MANILA, Philippines – The Philippine Institute for Development Studies (PIDS) believes the worth of unpaid work done by women is in the trillions of pesos.
PIDS released last Tuesday, April 2, the results of a study discussed in a seminar held on March 13 by senior research fellow Michael Abrigo. According to Abrigo, the monetary value of the time women spent doing housework – from caring for children and the elderly, to cleaning, cooking, and washing – can make up about 20% of the country’s gross domestic product (GDP)..
“We want to bring home the message that there’s value (in) housework — that it doesn’t mean that (women’s) time spent inside the house doing chores has no value. We want to convert these time units into monetary units,” Abrigo said in a mix of Filipino and English.
Using the National Transfer Account (NTA) and the National Time Transfer Account (NTTA) – which compute the productive activities within the production boundaries of the GDP and the time spent on unpaid work, respectively – Abrigo and his coauthor placed a value on unpaid work based on 2015 data.
The paid work of both sexes was vaued at P9.3 trillion, while the unpaid work was at P2.5 trillion, with women contributing 40% to the former and 76% to the latter.
Women’s participation in the labor force
According to an assessment by the Philippine Statistics Authority (PSA) released in January 2019, some 60% – or 43.0 million – of an estimated 71.6 million population 15 years old and over were employed as of July 2018, and 6 out of 10 of those employed were male.
Additionally, 40% percent of the 71.6 million population aged 15 years old and over in July 2018 were not in the labor force, and the figures included housewives, students, persons with disability, as well as retirees. The report said 67.2% of thesewere women.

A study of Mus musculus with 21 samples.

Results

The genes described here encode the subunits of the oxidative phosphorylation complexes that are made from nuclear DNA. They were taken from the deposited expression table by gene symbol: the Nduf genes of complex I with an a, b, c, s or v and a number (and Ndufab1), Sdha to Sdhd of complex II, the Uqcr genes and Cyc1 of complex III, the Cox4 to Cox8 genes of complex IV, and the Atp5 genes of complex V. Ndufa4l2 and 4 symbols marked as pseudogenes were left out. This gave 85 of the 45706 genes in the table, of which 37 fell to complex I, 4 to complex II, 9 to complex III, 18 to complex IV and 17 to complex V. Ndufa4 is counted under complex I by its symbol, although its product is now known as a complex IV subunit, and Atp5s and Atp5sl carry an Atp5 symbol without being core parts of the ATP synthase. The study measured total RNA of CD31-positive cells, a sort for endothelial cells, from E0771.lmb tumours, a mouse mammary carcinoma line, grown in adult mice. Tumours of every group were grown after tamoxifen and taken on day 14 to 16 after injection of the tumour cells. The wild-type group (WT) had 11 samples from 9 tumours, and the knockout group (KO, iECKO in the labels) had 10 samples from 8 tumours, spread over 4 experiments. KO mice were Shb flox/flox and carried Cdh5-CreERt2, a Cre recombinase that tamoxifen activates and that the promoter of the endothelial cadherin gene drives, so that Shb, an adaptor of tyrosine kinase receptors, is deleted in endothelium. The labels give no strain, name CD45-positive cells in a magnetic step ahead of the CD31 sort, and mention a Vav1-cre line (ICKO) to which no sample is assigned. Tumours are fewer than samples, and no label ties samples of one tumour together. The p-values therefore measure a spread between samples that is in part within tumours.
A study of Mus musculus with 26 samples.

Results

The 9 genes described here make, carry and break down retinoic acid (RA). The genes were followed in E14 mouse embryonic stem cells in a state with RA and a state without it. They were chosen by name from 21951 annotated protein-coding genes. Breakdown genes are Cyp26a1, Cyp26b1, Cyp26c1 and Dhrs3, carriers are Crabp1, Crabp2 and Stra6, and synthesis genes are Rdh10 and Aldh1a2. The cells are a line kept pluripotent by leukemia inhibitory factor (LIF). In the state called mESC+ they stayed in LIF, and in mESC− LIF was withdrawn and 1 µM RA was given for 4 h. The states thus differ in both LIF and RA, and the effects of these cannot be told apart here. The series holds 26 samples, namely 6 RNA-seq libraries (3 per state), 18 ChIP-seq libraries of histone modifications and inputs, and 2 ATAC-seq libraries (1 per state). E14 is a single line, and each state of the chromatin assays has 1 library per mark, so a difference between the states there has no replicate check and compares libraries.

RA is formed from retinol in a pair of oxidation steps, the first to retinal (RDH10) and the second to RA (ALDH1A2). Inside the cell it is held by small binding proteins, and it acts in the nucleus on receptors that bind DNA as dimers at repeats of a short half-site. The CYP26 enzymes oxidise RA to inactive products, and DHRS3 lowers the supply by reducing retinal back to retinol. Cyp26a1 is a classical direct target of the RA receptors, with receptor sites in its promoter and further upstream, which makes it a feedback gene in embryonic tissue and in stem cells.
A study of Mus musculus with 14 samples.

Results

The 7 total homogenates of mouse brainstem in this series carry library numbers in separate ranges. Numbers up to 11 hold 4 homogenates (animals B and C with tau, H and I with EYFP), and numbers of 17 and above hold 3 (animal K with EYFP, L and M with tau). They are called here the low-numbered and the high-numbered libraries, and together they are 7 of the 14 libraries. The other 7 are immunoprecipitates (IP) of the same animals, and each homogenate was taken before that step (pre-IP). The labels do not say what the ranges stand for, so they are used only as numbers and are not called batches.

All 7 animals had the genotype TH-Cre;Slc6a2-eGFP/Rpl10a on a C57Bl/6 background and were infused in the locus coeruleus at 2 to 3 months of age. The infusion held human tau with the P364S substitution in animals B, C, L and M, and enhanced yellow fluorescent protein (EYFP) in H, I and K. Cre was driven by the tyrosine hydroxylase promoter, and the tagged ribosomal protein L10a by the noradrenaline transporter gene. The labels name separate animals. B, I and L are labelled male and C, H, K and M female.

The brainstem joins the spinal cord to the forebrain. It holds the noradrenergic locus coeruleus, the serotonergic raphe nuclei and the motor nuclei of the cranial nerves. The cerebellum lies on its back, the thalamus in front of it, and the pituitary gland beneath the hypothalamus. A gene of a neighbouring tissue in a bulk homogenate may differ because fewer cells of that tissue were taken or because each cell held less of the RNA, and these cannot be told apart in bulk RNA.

Abrego argued that women should be encouraged to join the workforce.
However, the need to devote time inside their home hinders them from working outside. Based on regression analyses, mothers who spent more time working outside their homes were more likely to have children who were not attending school, or were lagging behind their peers. Other studies showed families of working mothers who spent less time at home tended to eat more outside or were less healthier.
“Para masagot natin yung tanong kung papaano natin maeengganyo ang mga babae na magtrabaho sa labas ng bahay, dapat masagot muna natin ang tanong kung paano makakatulong ang mga lalaki sa gawaing bahay. This way, mabibigyan natin ng oras ang babae para naman makatulong sa income ng pamilya,” he stated.
(We can only entice women to work outside if we already have an answer to how their spouses can help them with housework. This way, women can provide hours of work to help with family income.)
The working hours of men and women have also moved closer towards parity in the past 25 years, according to Abrigo. Men who used to work about 40 hours per week now work about 5 less hours, while women, especially those beyond reproductive ages, have increased their number of hours worked weekly by about 5 hours.
Abrigo urged the government to find ways for more women to participate in the working force.